10.2 - Discriminant Analysis Procedure

10.2 - Discriminant Analysis Procedure

Discriminant analysis is a 7-step procedure.

Step 1: Collect training data

Training data are data with known group memberships. Here, we actually know which population contains each subject. For example, in the Swiss Bank Notes, we actually know which of these are genuine notes and which others are counterfeit examples.

Step 2: Prior Probabilities

The prior probability \(p_i\) represents the expected portion of the community that belongs to population \(\pi_{i}\). There are three common choices:

  1. Equal priors: \(\hat{p}_i = \frac{1}{g}\) This is useful if we believe that all of the population sizes are equal
  2. Arbitrary priors were selected according to the investigator's beliefs regarding the relative population sizes.
    Note! We require:

    \(\hat{p}_1 + \hat{p}_2 + \dots + \hat{p}_g = 1\)

  3. Estimated priors:

    \(\hat{p}_i = \dfrac{n_i}{N}\)

    where \(n_{i}\) is the number observations from population \(\pi_{i}\) in the training data, and \(N = n _ { 1 } + n _ { 2 } + \ldots + n _ { g }\)

Step 3: Bartlett's test

Use Bartlett’s test to determine if the variance-covariance matrices are homogeneous for all populations involved. The result of this test will determine whether to use Linear or Quadratic Discriminant Analysis.:

Case 1: Linear

Linear discriminant analysis is for homogeneous variance-covariance matrices:

\(\Sigma_1 = \Sigma_2 = \dots = \Sigma_g = \Sigma\)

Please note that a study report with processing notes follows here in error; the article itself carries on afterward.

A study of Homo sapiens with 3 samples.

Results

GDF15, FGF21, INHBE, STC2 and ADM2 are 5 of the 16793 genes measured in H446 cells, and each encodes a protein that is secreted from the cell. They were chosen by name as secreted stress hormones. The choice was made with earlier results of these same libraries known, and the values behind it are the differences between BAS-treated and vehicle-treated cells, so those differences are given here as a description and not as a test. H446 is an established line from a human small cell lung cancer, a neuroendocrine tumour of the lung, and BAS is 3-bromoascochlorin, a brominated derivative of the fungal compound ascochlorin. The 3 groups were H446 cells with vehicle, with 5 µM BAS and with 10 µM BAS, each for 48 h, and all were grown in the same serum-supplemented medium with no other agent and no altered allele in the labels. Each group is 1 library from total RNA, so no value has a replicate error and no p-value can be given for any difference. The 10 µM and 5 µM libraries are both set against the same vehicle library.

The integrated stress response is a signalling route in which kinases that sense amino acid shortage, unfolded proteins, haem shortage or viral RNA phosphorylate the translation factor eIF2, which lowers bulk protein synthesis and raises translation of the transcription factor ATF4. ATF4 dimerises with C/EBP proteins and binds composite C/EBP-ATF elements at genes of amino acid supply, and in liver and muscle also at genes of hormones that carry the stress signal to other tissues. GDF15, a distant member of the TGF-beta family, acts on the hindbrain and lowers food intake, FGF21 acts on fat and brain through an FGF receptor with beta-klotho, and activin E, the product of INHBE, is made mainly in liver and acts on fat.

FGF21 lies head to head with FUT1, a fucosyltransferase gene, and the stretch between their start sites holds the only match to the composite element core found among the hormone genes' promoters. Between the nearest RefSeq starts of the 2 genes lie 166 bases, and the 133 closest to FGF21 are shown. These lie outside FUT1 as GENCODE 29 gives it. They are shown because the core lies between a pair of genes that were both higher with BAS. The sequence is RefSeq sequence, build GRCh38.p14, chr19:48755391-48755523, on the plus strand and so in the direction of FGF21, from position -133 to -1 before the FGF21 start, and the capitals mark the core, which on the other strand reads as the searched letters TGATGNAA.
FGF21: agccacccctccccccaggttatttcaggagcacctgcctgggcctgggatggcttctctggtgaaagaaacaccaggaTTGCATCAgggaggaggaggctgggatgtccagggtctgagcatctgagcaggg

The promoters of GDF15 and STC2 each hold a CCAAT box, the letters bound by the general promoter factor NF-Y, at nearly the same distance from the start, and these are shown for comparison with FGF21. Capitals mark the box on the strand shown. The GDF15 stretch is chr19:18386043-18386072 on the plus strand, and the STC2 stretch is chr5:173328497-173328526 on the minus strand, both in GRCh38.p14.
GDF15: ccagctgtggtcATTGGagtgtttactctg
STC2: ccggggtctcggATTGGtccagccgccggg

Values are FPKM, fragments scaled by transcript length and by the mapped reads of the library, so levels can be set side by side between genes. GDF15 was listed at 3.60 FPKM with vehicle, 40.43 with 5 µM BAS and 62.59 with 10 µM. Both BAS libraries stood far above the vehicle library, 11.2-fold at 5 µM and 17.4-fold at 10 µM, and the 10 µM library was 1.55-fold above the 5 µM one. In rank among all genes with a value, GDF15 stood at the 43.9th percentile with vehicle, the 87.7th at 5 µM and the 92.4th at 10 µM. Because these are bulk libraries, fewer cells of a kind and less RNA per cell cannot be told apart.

In this case, the variance-covariance matrix does not depend on the population.

Case 2: Quadratic

Quadratic discriminant analysis is used for heterogeneous variance-covariance matrices:

\(\Sigma_i \ne \Sigma_j\) for some \(i \ne j\)

This allows the variance-covariance matrices to depend on the population.

Note! We do not discuss testing whether the means of the populations are different. If they are not, there is no case for DA

Step 4: Estimate the parameters of the conditional probability density functions \(f ( \mathbf{X} |\pi_{i})\).

Here, we shall make the following standard assumptions:

  1. The data from group i has common mean vector \(\boldsymbol{\mu_i}\)
  2. The data from group i have a common variance-covariance matrix \(\Sigma\).
  3. Independence: The subjects are independently sampled.
  4. Normality: The data are multivariate normally distributed.

Step 5: Compute discriminant functions.

This is the rule to classify the new object into one of the known populations.

Step 6: Use cross-validation to estimate misclassification probabilities.

As in all statistical procedures, it is helpful to use diagnostic procedures to assess the efficacy of the discriminant analysis. We use cross-validation to assess the classification probability. Typically you are going to have some prior rule as to what is an acceptable misclassification rate. Those rules might involve things like, "what is the cost of misclassification?" This could come up in a medical study where you might be able to diagnose cancer. There are really two alternative costs. The cost of misclassifying someone as having cancer when they don't. This could cause a certain amount of emotional grief! There is also the alternative cost of misclassifying someone as not having cancer when in fact they do have it. The cost here is obviously greater if early diagnosis improves cure rates.

Step 7: Classify observations with unknown group memberships.

The procedure described above assumes that the unit or subject being classified actually belongs to one of the considered populations. If you have a study where you look at two species of insects, A and B, and the insect to classify actually belongs to species C, then it will obviously be misclassified as to belonging to either A or B.